To be clear, I’m not talking about the barriers that are unseen, including the spiritual forces at work in the world. Satan has “blinded the minds of unbelievers” (2 Corinthians 4:4), and sin is the fundamental reason that all peoples do not know and glorify God. Rather, I’m referring to barriers that make it difficult for missionaries (and believers from nearby cultures) to make disciples and plant churches among unreached peoples and places. I’ve listed some of those barriers below, though the list is by no means exhaustive nor in any particular order. Nevertheless, identifying these barriers can help churches think wisely and strategically about reaching the hardest to reach places. 

1. Persecution and Opposition

While it’s true that Christ has been building His church amid persecution and opposition for nearly two thousand years (see the book of Acts), that doesn’t mean persecution isn’t a significant barrier to gospel access. After all, extreme persecution has nearly wiped out the church in certain regions over long periods of time. It’s not a coincidence, then, that people groups experiencing extreme persecution on account of the gospel—whether from their family, friends, community, or from the government—often have little or no access to the gospel. People groups in Yemen, Afghanistan, and North Korea come to mind. Missionaries to these countries are forced to think of creative ways to enter the country and to share the gospel while keeping a low profile.

2. Geographical Isolation

Some peoples and places are hard to reach because they are geographically isolated. Deserts, mountain ranges, isolated islands, uninhabitable stretches of land, etc., stand between them and the nearest Christians. It takes a lot of time, effort, and, many times, discomfort just to get to these people. Attempts to share resources through radio, internet, or TV may also be difficult due to geographical isolation. Sadly, those people groups who are extremely isolated may simply remain unknown until someone puts a spotlight on their need. 

3. War and Unrest

It should come as no surprise that warfare, violence, and political unrest make it difficult for missionaries to make disciples, or even live, in certain places. Of course, God may use a sobering reality like war to cause people to reflect on their mortality and to look to Him for hope. However, in the long-term, it’s more difficult to do the slow, steady work of making disciples and planting churches when you’re worried about bullets flying. Violence and instability in a region can be a significant barrier to flourishing, healthy churches.

4. Extreme Poverty

Physical hardships related to poverty also present significant barriers to the spread of the gospel. If a people group has difficulty surviving due to a lack of food, clean drinking water, basic medicine, etc., then missionaries, who have no family or in-person support system, will also find it difficult to minister in such a context. God’s power is not dependent on the church’s money, but hunger and disease can make it difficult for gospel work to thrive.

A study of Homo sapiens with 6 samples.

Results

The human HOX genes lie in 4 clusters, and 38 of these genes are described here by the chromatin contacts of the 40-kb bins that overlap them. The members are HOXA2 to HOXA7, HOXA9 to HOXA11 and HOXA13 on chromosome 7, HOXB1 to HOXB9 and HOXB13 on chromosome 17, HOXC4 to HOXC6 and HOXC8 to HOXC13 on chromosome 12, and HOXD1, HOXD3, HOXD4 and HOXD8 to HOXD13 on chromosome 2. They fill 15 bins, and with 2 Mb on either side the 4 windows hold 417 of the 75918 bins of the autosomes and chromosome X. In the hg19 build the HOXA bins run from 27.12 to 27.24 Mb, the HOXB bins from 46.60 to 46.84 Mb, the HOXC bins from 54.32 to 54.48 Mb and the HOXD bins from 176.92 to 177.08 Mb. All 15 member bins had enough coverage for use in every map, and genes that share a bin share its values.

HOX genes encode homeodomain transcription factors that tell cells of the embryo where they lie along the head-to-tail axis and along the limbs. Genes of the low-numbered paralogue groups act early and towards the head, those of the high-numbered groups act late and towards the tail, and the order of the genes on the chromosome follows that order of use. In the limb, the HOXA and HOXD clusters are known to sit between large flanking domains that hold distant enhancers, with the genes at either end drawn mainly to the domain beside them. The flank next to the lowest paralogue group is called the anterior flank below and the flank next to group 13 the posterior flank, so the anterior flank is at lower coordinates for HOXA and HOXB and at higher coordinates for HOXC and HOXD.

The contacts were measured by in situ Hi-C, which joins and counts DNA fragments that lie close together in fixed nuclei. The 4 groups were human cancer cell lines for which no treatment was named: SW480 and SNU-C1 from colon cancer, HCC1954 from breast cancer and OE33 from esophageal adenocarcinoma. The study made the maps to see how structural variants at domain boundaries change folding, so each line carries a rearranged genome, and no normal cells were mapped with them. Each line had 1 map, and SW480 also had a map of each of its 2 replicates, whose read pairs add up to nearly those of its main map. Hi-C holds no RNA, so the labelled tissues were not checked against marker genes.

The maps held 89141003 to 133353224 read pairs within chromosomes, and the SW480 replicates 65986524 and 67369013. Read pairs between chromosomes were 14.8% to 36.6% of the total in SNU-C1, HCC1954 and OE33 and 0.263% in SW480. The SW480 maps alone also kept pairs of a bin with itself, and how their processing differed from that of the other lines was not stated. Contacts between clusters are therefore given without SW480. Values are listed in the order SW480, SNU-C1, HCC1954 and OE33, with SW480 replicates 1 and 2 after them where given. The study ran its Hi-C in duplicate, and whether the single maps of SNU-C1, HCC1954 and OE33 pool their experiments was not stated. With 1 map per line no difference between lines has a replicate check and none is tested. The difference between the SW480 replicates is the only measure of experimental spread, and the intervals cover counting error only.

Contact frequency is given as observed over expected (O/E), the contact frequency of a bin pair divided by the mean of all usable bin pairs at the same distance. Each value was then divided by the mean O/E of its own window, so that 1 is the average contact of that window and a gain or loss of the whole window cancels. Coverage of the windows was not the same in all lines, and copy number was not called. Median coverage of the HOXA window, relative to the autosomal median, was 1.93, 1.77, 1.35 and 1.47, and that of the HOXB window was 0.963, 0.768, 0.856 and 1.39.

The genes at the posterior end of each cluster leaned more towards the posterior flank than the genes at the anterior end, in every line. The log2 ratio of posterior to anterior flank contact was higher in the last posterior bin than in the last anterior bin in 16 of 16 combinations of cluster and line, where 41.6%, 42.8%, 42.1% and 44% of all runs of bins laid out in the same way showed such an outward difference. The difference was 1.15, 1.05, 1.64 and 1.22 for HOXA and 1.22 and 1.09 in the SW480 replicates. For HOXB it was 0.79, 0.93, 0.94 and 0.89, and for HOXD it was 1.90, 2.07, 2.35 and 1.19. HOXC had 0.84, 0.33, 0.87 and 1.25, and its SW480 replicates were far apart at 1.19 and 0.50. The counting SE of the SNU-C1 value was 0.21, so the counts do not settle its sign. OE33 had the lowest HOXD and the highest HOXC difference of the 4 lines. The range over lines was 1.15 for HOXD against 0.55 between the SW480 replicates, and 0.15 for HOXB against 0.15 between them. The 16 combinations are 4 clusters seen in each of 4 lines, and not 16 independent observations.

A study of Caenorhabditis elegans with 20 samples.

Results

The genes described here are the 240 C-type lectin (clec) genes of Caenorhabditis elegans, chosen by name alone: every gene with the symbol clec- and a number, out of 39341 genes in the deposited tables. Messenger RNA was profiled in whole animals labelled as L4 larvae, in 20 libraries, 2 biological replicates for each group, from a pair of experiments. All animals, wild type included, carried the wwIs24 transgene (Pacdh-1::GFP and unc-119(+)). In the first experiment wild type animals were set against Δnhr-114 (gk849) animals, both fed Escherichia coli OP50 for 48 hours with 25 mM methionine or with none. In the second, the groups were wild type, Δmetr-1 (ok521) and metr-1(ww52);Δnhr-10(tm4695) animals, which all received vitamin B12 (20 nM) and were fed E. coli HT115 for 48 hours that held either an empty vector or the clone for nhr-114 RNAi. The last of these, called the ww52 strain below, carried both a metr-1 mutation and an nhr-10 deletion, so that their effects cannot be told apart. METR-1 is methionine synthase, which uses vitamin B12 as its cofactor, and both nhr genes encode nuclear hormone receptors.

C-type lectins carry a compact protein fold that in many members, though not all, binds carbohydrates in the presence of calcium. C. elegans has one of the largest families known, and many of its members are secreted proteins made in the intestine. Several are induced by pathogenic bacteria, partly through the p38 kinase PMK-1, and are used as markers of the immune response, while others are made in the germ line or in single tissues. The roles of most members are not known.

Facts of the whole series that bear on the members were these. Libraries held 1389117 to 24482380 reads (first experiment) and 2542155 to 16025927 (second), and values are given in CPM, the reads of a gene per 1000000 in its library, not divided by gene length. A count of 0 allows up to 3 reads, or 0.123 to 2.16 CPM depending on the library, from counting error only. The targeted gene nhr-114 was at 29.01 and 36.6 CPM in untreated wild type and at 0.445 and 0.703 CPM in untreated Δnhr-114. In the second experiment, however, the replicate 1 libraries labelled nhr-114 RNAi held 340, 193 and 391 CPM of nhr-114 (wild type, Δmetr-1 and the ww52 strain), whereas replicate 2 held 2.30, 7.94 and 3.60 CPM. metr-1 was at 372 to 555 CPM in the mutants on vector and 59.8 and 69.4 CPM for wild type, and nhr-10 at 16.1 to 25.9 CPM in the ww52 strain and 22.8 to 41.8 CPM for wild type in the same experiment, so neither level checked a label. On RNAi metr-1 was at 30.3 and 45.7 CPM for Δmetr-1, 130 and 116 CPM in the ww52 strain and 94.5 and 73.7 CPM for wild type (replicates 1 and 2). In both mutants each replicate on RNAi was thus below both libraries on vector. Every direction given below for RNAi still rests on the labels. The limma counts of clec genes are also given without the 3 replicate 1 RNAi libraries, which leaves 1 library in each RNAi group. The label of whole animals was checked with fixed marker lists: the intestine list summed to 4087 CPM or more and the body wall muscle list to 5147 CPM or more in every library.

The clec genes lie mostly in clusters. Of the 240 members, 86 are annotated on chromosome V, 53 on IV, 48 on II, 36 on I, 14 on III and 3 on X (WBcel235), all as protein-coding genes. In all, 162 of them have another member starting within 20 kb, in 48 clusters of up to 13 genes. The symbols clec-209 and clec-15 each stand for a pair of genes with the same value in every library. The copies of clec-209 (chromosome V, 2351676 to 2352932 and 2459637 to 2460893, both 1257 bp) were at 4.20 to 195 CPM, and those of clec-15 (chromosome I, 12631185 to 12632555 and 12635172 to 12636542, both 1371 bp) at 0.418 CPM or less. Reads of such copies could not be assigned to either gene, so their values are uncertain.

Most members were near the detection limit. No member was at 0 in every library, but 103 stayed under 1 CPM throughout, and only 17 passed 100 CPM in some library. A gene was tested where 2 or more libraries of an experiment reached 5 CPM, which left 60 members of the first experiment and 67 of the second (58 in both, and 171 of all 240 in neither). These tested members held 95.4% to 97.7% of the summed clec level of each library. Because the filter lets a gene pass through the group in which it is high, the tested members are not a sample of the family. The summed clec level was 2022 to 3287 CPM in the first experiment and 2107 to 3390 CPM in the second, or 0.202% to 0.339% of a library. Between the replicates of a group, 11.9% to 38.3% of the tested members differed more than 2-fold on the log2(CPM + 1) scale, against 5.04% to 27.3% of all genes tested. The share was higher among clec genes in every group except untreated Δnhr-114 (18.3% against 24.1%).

5. Lack of a Voice

Finally, due to one (or several) of the barriers listed above, most churches are unaware of disciple-making efforts that are already underway among the hardest to reach places. For example, missionaries in highly persecuted countries may be unable to make appeals for support due to government surveillance. Or, in places of extreme poverty, sending frequent newsletters to supporters and potential supporters may be a real challenge. For those who serve in areas that are geographically isolated, bringing a short-term team from your home church might be extremely difficult. In all these cases (and many more), missionaries are unable to highlight their work and make their needs known. As a result, fewer resources may be given and fewer workers may be sent. 

This last barrier is one of the reasons for UrgentRadical’s work among the unreached in which we “identify and come alongside indigenous believers who are making disciples and multiplying churches in ways that are biblically faithful and practically effective among the hardest to reach peoples and places in the world.” Urgent connects churches and individuals to this critical and often unknown gospel work.  

After seeing all of the barriers listed above, it’s easy to get discouraged or to think that the challenges are just too great. That’s why we need to remind ourselves that God is the one who must ultimately overcome these barriers. He is sovereign over physical barriers every bit as much as spiritual barriers, for He has “determined allotted periods and the boundaries of [the nations’] dwelling place” (Acts 17:26). 

We also need to remember that God has told us to expect physical hardships and suffering as the gospel is proclaimed. The apostle Paul said that “all who desire to live a godly life in Christ Jesus will be persecuted” (2 Timothy 3:12). And Christ Himself told His disciples, “. . . they will deliver you up to tribulation and put you to death, and you will be hated by all nations for my name’s sake” (Matthew 24:9). But Jesus has also promised to build His church, and no barriers to the gospel—not even the gates of hell—will stop Him (Matthew 16:18).

–To learn more about Urgent and Radical’s work in places where there are significant barriers to the gospel, go here.

David Burnette serves as the Chief Editor for Radical. He lives with his wife and three kids in Birmingham, Alabama, where he serves as an elder at Philadelphia Baptist Church. He received his Ph.D. from The Southern Baptist Theological Seminary.